Been a while since i have been here foe a few reasons. Have been busy building a new 4wd, slow is the go. Am not made of money like some, i like to enjoy my life stress free.
Anyway was told of spot x up towards Nymbodia where you could find fossils. Promised my geologist friend that i would not give away the spot, so we can try to preserve what is left.Most fossils found here come from the Triassic Age. Mostly plant life and a few small shells. Not many dinosaurs' were around at this time as there wasn’t enough food for them.
Several of us ventured up there last weekend, aiming high and hoping that we would find a few. Working off some GPS marks we were soon within sight of these diggings. The first few weren't too hard to find after you worked out how the layers of rocks were formed. A good haul of fern,conifer and leaf fossils were found, but no shells.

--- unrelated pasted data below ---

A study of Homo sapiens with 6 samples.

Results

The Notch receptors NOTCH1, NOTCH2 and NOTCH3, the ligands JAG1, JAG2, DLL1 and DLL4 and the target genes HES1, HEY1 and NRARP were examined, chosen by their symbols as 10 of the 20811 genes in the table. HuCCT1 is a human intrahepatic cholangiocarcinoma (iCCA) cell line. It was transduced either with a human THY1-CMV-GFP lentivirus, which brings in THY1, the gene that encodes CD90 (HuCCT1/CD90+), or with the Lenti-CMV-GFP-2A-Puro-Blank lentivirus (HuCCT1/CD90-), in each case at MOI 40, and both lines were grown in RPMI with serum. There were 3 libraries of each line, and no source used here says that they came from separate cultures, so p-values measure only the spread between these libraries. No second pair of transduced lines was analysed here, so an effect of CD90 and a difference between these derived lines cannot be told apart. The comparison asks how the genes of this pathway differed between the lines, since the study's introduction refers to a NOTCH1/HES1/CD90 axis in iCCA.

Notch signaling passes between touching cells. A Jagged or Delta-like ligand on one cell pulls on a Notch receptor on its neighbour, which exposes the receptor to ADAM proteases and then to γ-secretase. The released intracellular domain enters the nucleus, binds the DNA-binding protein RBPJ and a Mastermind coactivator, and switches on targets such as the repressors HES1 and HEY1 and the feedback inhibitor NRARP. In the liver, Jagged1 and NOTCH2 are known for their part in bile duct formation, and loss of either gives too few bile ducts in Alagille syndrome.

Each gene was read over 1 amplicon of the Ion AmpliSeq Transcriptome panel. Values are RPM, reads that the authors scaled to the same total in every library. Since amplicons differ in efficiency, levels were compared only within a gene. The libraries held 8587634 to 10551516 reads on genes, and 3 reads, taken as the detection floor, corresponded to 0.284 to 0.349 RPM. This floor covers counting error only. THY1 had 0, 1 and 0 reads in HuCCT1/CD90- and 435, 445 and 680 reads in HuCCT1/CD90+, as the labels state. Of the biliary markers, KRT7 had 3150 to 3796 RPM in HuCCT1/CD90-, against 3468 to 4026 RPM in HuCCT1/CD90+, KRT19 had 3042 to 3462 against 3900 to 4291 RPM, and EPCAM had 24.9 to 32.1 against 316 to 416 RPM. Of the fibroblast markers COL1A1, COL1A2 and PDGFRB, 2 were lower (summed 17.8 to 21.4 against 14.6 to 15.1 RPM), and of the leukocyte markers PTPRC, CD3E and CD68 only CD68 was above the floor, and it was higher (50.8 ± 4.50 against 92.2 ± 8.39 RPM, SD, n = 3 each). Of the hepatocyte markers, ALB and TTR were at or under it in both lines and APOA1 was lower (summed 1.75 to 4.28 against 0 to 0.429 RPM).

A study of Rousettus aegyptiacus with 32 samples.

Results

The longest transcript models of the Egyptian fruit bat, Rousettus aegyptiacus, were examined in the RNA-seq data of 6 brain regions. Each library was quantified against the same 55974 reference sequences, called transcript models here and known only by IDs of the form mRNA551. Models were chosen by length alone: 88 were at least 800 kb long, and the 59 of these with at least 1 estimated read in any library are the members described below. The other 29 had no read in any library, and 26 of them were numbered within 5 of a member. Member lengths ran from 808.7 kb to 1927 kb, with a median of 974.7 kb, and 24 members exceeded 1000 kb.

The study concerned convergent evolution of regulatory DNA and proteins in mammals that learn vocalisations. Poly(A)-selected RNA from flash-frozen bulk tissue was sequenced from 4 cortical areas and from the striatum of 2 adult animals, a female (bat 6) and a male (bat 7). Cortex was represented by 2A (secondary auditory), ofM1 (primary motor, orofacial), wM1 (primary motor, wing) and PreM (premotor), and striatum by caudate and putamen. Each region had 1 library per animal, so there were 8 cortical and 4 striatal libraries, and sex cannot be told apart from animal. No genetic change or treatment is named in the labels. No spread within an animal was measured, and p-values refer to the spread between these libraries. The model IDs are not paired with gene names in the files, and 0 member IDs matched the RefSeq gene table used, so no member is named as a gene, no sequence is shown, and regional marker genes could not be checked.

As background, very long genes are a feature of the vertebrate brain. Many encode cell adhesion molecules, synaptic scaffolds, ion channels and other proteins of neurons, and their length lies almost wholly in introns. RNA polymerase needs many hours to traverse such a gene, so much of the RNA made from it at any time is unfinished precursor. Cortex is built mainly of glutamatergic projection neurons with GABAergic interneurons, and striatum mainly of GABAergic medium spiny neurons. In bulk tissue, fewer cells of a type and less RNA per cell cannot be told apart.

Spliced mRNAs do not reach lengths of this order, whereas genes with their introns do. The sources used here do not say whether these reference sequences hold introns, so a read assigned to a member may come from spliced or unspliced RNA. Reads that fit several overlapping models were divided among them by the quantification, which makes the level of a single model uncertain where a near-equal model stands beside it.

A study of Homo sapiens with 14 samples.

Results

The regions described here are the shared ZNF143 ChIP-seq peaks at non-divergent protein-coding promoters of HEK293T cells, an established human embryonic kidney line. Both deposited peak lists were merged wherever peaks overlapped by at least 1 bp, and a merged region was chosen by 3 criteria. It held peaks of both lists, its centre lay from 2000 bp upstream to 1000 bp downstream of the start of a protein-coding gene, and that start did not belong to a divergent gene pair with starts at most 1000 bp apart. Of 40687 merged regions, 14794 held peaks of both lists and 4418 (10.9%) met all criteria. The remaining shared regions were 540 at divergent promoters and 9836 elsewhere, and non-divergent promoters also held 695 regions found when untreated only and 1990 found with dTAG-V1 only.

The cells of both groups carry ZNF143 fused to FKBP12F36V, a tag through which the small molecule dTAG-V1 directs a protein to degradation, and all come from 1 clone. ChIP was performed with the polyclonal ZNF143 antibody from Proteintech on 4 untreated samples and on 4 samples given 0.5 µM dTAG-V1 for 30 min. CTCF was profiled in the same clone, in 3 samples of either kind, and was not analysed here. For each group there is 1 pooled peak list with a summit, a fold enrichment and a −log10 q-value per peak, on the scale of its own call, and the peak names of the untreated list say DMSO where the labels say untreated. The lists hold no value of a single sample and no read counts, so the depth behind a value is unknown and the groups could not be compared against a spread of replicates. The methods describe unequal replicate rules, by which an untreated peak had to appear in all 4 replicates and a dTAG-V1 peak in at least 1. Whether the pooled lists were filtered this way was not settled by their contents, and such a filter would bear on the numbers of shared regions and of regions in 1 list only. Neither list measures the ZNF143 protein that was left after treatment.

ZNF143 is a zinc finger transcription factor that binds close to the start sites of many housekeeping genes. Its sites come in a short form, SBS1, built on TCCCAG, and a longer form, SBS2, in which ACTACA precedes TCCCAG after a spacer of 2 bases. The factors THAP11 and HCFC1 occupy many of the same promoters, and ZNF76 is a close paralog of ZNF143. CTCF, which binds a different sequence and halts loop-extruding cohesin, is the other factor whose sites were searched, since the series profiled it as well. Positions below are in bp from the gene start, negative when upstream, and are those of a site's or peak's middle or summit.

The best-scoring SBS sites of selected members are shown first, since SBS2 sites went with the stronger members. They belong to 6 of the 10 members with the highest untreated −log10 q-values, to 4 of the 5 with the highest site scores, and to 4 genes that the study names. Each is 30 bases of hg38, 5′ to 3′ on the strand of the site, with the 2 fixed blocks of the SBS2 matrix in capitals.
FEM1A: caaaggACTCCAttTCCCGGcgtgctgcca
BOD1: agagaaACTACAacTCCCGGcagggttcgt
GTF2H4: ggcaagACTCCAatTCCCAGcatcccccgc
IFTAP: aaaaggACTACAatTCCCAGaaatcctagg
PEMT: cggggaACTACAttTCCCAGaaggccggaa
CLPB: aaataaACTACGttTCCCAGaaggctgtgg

The Triassic wasn't nearly as lush and green as the later Jurassic and Cretaceous periods, but it did see an explosion of various land-dwelling plants, including cycads, ferns, and Gingko-like trees. Part of the reason there were no enormous dinosaurs in the Triassic (along the lines of Brachiosaurus) is that there simply wasn’t enough vegetation to nourish them!
The Triassic is a geologic period and system that extends from about 251 to 199 Ma (million years ago). As the first period of the Mesozoic Era, the Triassic follows the Permian and is followed by the Jurassic. Both the start and end of the Triassic are marked by major extinction events. The extinction event that closed the Triassic period has recently been more accurately dated, but as with most older geologic periods, the rock beds that define the start and end are well identified, but the exact dates of the start and end of the period are uncertain by a few million years.
After several hours in the heat we decided to venture further west for a cool dip and a much needed feed. The water was brisk but definatly refreshing and the food was excellent.
After several hours here it was a cruisey 100km drive back south home to Coffs.
Fossil of seed fern, Dicroidium zuberi, that we found.